The Department of Health and Human Service’s Office of the Inspector General says information blocking may affect electronic health records safe harbor protections under the federal anti-kickback statute.

According to an OIG industry alert released this week, one of the EHR safe harbor conditions requires that “the donor (or any person on the donor’s behalf) does not take any action to limit or restrict the use, compatibility, or interoperability of the items or services with other electronic prescribing or EHR systems.”

Consequently, donations of items or services that have limited or restricted interoperability due to action taken by the donor, recipient or any person on the donor’s behalf would fail to meet conditions of a safe harbor to promote use of technology to communicate with products of other vendors, according to the agency.

OIG continues to believe that “any action taken by a donor (or any person on behalf of the donor, including the [EHR] vendor or the recipient) to limit the use of the donated items or services by charging fees to deter non-recipient providers and suppliers and the donor’s competitors from interfacing with the donated items or services would pose legitimate concerns that parties were improperly locking-in data and referrals and that the arrangement in question would not qualify for safe harbor protection,” states the alert.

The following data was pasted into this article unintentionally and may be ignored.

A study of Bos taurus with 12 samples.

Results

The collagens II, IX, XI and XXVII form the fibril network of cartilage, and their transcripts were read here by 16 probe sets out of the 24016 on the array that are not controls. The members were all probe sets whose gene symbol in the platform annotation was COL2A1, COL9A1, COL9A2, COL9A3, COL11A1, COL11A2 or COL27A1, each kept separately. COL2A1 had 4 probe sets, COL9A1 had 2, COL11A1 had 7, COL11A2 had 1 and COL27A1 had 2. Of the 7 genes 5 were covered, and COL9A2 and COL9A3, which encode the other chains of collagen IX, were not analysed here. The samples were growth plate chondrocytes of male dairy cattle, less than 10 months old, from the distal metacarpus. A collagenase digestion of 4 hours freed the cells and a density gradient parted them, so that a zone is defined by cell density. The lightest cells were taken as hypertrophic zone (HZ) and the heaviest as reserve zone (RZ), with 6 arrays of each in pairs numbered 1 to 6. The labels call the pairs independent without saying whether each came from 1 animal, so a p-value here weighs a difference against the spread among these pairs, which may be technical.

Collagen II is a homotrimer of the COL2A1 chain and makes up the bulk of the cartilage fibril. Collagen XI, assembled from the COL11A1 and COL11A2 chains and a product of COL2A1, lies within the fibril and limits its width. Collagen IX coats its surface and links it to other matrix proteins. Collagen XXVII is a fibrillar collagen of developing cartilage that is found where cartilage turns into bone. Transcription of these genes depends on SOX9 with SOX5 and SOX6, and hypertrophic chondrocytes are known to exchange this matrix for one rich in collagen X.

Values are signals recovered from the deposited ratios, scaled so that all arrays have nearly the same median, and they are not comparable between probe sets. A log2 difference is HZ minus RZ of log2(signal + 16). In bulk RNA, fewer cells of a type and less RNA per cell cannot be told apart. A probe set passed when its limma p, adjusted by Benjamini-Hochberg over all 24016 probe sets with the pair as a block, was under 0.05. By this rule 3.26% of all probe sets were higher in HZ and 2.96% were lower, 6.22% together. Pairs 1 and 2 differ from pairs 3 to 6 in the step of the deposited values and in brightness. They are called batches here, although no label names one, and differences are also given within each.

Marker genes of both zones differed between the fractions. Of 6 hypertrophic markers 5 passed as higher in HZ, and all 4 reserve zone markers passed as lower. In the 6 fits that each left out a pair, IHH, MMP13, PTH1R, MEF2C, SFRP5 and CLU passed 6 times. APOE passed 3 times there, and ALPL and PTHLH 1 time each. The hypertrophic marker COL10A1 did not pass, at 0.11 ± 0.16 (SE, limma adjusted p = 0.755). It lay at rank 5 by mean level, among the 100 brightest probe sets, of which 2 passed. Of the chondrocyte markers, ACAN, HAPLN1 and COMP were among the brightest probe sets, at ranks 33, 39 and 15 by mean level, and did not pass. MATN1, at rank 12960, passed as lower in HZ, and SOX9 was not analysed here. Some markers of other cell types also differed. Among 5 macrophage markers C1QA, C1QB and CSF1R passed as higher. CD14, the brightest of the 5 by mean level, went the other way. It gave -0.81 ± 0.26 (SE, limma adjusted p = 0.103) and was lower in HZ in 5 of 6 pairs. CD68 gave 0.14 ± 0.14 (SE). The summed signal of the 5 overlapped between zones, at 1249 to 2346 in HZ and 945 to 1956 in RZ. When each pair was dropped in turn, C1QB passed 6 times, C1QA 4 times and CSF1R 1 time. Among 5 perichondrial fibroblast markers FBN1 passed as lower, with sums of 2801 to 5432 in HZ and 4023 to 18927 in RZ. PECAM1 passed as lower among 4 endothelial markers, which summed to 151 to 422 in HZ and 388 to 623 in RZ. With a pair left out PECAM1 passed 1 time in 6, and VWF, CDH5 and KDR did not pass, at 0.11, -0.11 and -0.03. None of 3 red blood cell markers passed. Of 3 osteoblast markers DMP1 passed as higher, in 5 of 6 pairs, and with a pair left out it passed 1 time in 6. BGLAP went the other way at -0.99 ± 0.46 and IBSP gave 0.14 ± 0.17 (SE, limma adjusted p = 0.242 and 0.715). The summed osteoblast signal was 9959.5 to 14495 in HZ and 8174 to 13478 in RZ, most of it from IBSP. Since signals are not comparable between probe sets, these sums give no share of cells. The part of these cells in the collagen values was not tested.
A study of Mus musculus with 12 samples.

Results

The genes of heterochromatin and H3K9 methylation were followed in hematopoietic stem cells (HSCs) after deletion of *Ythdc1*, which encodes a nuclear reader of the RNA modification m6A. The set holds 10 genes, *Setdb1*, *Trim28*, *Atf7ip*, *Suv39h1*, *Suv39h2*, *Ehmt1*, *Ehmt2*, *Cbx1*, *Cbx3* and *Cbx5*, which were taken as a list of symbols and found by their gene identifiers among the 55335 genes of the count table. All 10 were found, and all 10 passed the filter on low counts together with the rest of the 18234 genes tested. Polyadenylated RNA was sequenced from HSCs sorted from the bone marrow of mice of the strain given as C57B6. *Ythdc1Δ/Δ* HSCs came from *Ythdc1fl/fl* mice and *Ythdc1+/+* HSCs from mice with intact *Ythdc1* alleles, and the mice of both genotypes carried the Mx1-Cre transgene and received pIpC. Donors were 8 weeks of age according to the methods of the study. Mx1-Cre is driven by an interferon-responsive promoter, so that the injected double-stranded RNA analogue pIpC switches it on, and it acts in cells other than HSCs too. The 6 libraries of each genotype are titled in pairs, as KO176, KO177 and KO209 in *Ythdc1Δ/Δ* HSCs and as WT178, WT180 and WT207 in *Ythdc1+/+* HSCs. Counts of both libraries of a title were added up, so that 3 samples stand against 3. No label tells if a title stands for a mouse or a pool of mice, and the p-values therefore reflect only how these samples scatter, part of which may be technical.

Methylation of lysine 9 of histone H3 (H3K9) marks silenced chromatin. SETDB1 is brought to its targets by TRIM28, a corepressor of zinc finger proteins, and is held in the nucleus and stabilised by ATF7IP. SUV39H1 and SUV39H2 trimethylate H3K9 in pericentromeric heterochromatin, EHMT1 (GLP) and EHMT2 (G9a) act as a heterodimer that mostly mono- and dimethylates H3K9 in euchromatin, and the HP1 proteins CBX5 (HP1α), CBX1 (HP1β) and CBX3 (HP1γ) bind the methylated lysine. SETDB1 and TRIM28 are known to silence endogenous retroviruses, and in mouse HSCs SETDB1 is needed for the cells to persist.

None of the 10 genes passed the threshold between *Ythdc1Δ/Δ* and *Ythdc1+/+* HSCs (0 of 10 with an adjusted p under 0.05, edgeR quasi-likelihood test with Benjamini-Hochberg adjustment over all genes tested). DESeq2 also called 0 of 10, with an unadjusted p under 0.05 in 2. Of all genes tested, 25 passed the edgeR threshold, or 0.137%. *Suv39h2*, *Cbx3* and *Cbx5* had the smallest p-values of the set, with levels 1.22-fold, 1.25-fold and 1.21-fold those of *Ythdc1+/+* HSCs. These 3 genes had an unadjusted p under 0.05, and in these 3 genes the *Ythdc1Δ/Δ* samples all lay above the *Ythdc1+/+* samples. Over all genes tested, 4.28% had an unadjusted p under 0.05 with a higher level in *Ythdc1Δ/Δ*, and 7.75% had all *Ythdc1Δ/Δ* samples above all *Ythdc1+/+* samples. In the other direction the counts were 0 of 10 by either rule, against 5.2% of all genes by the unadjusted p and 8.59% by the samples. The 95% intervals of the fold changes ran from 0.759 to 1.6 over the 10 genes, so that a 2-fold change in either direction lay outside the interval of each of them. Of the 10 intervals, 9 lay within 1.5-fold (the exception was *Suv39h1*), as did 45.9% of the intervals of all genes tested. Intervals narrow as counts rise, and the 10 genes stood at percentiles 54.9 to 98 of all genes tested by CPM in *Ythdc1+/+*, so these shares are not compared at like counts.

Katherine Harris, a spokeswoman for the OIG, said the agency issued the alert this week to coincide with National Health IT Week, held October 5-9. “Interoperability has been an issue and this was a policy reminder,” Harris said. “It seemed like a good time to remind people about our thinking on this issue. There are indications that information blocking is a pretty big problem.”

Also See: Info Blocking Gains Prominence as Interoperability Challenge

In April, the Office of the National Coordinator for Health IT sent a report to Congress on the problem of electronic health information blocking, discussing how provider and vendor “bad actors” are interfering with data exchange to the detriment of patients and their care. According to the ONC report, some providers and vendors have created technical, legal and business barriers between their EHR systems and other systems to interfere with access to information.